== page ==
Third Declension


Post by Lukas » Fri Sep 13, 2019 11:43 pm

χαιρετε!

I am beginning Unit 14 of Dr. Mastronarde's Introduction to Attic Greek, 2nd edition, and am having difficulties with Third Declension nouns. For example, χάρισ. A chart at the beginning of the unit gives me a choice of no ending or a sigma with a vocative singular. How do I know that the vocative singular is either χάρι or χάρισ? Do I simply have to remember from page 117 that nouns with an ισ ending originally did not have a plosive ending? Is there a way I can figure it out from the genitive form, χάριτοσ?

I also had trouble with the accusative singular of ὕδωρ. I tried working with the genitive stem ὕδατοσ and came up with ὕδατ, but the answer turned out to be ὕδωρ. I know that Greek words need to end with a vowel, nu,, rho, or sigma (page 116), so ὕδατ ends with the wrong letter, but I was having confusion whether to keep the first vowel short as in the genitive or keep it long?

I have not been able to come up with a method to figure these out.

Confused,
Λουκᾶς

Hylander

Post by Hylander » Sat Sep 14, 2019 7:29 pm

Don't worry about vocatives too much. When would anyone use the vocative for "water"? Neuter vocatives are usually the same as nominatives, but most neuter nouns (except diminutives) are inanimate and don't often find themselves in the vocative case. Otherwise, you'll recognize vocatives when you see them because in modern texts they'll be set off by commas.

mwh

Post by mwh » Sat Sep 14, 2019 8:11 pm

Lukas, You were asking about the accusative of ὕδωρ. Since it’s neuter, the accusative is identical with the nominative. That’s true of all neuters, so you always have to decide from the context whether a neuter is nominative or accusative.

(The vocative would also be ὕδωρ. Hylander’s “(except diminutives)” is an important qualification: there are lots of names in -ιον, female but grammatically neuter and morphologically diminutive, which often occur in the vocative. Philemation, “Kissy,” for one.)

As to χάρις, nouns in -ις are a little more complicated. Vocatives are usually -ι, but sometimes retain the nominative form.

But as Hylander says, I wouldn’t worry too much about vocatives. You’ll usually recognize them when you come across them.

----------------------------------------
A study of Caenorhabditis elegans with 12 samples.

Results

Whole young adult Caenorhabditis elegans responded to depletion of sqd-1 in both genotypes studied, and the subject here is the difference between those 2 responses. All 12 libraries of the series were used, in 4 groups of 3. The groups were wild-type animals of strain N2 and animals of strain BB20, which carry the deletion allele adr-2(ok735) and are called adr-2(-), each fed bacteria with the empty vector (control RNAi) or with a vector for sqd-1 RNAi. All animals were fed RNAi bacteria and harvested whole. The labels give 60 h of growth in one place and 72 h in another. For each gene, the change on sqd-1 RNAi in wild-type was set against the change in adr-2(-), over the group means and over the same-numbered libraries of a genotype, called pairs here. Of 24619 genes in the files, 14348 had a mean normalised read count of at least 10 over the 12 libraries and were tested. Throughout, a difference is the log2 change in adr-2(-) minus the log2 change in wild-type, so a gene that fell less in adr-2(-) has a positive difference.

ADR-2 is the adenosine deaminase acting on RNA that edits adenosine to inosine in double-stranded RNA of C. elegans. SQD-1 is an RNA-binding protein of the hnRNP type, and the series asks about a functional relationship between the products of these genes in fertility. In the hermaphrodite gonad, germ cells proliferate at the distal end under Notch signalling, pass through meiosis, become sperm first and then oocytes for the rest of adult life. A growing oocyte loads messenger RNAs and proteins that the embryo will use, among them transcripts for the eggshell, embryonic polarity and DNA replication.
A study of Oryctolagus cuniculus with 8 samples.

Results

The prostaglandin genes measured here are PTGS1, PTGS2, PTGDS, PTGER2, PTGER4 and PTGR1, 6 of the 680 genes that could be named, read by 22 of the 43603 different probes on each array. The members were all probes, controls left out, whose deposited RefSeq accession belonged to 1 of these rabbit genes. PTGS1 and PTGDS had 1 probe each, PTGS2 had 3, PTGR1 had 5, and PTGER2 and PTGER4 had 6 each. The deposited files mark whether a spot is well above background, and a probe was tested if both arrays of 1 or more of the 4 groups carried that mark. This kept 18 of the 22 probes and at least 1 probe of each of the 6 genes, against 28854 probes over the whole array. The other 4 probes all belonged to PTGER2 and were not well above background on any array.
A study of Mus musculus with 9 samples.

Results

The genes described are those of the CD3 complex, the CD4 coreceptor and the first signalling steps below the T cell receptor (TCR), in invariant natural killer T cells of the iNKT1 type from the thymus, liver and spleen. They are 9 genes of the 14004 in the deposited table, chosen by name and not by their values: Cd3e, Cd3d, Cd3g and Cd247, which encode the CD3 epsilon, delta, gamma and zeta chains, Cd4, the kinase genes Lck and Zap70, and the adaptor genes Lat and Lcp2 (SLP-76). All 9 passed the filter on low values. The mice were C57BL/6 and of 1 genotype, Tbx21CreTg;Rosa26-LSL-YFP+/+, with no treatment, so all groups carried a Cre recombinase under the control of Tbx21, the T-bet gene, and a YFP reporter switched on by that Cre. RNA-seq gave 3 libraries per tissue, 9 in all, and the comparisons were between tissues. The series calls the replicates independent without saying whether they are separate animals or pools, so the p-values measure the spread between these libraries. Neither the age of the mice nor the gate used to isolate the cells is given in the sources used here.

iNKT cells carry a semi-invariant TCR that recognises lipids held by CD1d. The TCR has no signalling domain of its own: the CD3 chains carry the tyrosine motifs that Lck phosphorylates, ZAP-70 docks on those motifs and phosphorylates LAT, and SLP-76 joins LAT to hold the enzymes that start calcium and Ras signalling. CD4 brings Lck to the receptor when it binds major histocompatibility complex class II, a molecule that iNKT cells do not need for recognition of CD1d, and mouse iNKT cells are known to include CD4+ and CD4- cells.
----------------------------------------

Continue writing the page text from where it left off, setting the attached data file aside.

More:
Lukas

Post by Lukas » Sat Sep 14, 2019 9:25 pm

Ευχαριστώ!!! I had to snicker when Hylander wondered when I would worry about the vocative of water. That is true. :)
Λουκᾶς

cb

Post by cb » Sun Sep 15, 2019 1:34 am

Hi, yes it reminds me (and I'm sure many others too) of the famous story of Winston Churchill, who couldn't understand why anyone would need to learn the vocative of table in Latin:

Source: https://newlearningonline.com/new-learn ... chool-days
Churchill relates a story about the discursive game his Latin teacher played:

‘This is a Latin grammar.’ [The teacher] opened [the textbook] at a well-thumbed page. ‘You must learn this,’ he said, pointing to a number of words in a frame of lines …

What on earth did it mean? Where was the sense of it? It seemed absolute rigmarole to me. However, there was one thing I could always do: I could learn it by heart …

‘Have you learnt it?’ he asked.

‘I think I can say it, sir,’ I replied; and I gabbled it off.

He seemed so satisfied with this that I was emboldened to ask a question …

‘But,’ I repeated, ‘what does it mean?’

‘Mensa means a table,’ he answered.

‘Then why does mensa also mean O table,’ I enquired, ‘and what does O table mean?’ …

“O table,—you would use that in addressing a table, in invoking a table.’

‘But I never do,’ I blurted out in honest amazement.

‘If you are impertinent, you will be punished, and punished, let me tell you, very severely,’ was his conclusive rejoinder.

Such was my introduction to the classics from which, I have been told, many of our cleverest men have derived so much solace and profit …

Hylander

Post by Hylander » Sun Sep 15, 2019 7:26 pm

Sorry. I misread the original post. Lukas and mwh set me straight.